You may be aware that if an individual passes away due to a personal injury, that individual’s beneficiaries can file a wrongful death claim. You may know about a survival action in personal injury claims. If you were to file for a personal injury claim on behalf of a loved one who has passed, should you file a wrongful death or survival action?
The Difference Between a Survival Action and Wrongful Death Claim
When you consult an attorney in Long Beach for help on filing a personal injury claim due to wrongful death, you’ll learn how survival laws differ from wrongful death laws. For starters, wrongful death laws enable a decedent’s estate to file a lawsuit for wrongful death. Without proper laws in place for wrongful death claims, an estate won’t be able to bring about a wrongful death claims. Additionally, survival laws and wrongful death laws authorize different kinds of damages that can be awarded to a decedent’s estate.
Put simply; wrongful death laws permit the awarding of damages to the estate of the deceased or his or her beneficiaries or those that stand to suffer most financially, because of the deceased individual’s death. On the other hand, survival laws enable the awarding of damages, like lost wages and pain and suffering for instance, that the deceased individual could’ve received if he or she hadn’t passed away.
Basic Wrongful Death Laws
Since state laws strictly govern claims of wrongful death, laws will vary from state to state. However, there are a couple of rules that are common in all of the states’ wrongful death laws, including the following:
- Who is allowed to file for a wrongful death claim on behalf of the estate of the deceased;
- How an individual can be appointed as an estate’s representative; and
- The kind of damage awards allowed in the lawsuit; although damages vary widely from one state to another, these are usually pecuniary or financial damages that beneficiaries of the deceased can receive.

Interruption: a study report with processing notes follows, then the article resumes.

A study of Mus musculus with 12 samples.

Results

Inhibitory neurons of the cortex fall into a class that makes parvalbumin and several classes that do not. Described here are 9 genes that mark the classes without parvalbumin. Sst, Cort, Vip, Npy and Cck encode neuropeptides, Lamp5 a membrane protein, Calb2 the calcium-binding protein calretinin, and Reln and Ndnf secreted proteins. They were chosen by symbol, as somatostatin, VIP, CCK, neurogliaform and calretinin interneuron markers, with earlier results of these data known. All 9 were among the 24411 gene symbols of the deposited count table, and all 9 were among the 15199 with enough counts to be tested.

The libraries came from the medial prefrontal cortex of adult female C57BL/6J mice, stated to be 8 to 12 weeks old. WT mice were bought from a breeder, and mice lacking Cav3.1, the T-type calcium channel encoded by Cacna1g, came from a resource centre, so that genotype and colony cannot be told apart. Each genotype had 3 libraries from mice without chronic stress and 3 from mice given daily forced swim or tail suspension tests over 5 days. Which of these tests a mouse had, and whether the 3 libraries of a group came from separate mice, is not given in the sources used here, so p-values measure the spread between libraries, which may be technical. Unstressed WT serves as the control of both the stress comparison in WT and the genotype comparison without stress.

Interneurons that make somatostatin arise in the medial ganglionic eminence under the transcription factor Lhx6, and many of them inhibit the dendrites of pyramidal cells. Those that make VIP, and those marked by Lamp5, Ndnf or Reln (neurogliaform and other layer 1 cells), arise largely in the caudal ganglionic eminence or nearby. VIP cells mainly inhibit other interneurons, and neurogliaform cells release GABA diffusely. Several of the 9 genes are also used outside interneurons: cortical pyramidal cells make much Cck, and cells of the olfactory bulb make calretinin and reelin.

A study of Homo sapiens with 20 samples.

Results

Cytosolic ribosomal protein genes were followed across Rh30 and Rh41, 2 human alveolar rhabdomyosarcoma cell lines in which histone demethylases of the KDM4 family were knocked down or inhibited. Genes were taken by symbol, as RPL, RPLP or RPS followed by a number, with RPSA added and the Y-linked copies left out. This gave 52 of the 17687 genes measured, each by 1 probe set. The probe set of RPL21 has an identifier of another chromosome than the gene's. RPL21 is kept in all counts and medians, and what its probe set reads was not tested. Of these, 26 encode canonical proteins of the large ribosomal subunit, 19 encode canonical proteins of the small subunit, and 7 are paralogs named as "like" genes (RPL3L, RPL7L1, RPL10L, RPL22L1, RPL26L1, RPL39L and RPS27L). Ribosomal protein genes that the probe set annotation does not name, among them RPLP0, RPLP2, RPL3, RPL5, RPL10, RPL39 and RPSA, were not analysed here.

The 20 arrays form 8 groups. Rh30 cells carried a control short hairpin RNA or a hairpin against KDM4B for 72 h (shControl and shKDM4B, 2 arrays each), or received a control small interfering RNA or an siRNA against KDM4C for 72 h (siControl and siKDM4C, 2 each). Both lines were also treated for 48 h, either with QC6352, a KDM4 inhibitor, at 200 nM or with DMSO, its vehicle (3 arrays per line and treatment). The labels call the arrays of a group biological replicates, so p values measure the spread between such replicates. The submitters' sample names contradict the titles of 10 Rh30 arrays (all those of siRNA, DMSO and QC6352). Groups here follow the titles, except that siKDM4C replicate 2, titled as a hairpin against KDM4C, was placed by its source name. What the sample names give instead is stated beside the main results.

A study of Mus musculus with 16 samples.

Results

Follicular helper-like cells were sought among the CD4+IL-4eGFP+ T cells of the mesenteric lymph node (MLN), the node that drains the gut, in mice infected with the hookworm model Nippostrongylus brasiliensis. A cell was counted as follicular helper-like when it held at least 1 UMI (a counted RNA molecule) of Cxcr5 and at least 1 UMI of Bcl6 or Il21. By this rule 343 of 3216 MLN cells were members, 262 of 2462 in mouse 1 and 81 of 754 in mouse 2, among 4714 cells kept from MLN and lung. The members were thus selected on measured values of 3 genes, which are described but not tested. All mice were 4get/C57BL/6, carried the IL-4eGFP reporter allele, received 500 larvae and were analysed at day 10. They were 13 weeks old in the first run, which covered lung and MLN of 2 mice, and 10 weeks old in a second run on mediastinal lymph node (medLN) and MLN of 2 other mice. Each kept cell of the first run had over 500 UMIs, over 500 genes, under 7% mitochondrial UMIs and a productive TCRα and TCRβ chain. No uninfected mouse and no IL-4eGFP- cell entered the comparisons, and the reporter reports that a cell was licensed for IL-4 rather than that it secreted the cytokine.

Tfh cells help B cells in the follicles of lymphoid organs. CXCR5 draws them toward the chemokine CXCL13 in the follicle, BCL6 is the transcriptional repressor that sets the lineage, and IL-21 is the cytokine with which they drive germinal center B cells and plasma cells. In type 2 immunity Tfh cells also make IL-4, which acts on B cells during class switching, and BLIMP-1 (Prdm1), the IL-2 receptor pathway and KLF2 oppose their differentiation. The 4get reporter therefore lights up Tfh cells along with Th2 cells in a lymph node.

The estate’s personal representative will be the one responsible for filing the wrongful death case, and is typically the closest surviving relative of the decedent, like a spouse, parent, or child. In general, the family of the decedent will have to agree on whom to appoint as personal representative. If the family members can’t agree on whom to appoint or if the decedent didn’t have a will, the court could step in and choose which of the surviving family members should be the estate’s representative.
Damages in Survival Action Lawsuits
Survival laws permit a decedent’s estate to receive damages incurred by the decedent from the time of injury until his or her passing. This essentially means that aside from pain and suffering, survival damages could also include lost wages incurred until the decedent’s passing. But if the decedent died right after the accident, the estate might be entitled to receive pain and suffering damages (if they can prove it) but won’t be entitled to the lost wages damages.
It could be challenging determining which related claims to file when filing a personal injury lawsuit because of the many laws and different factors involved in each case. That being said, work with an experienced personal injury attorney to help secure the best possible results for your claim.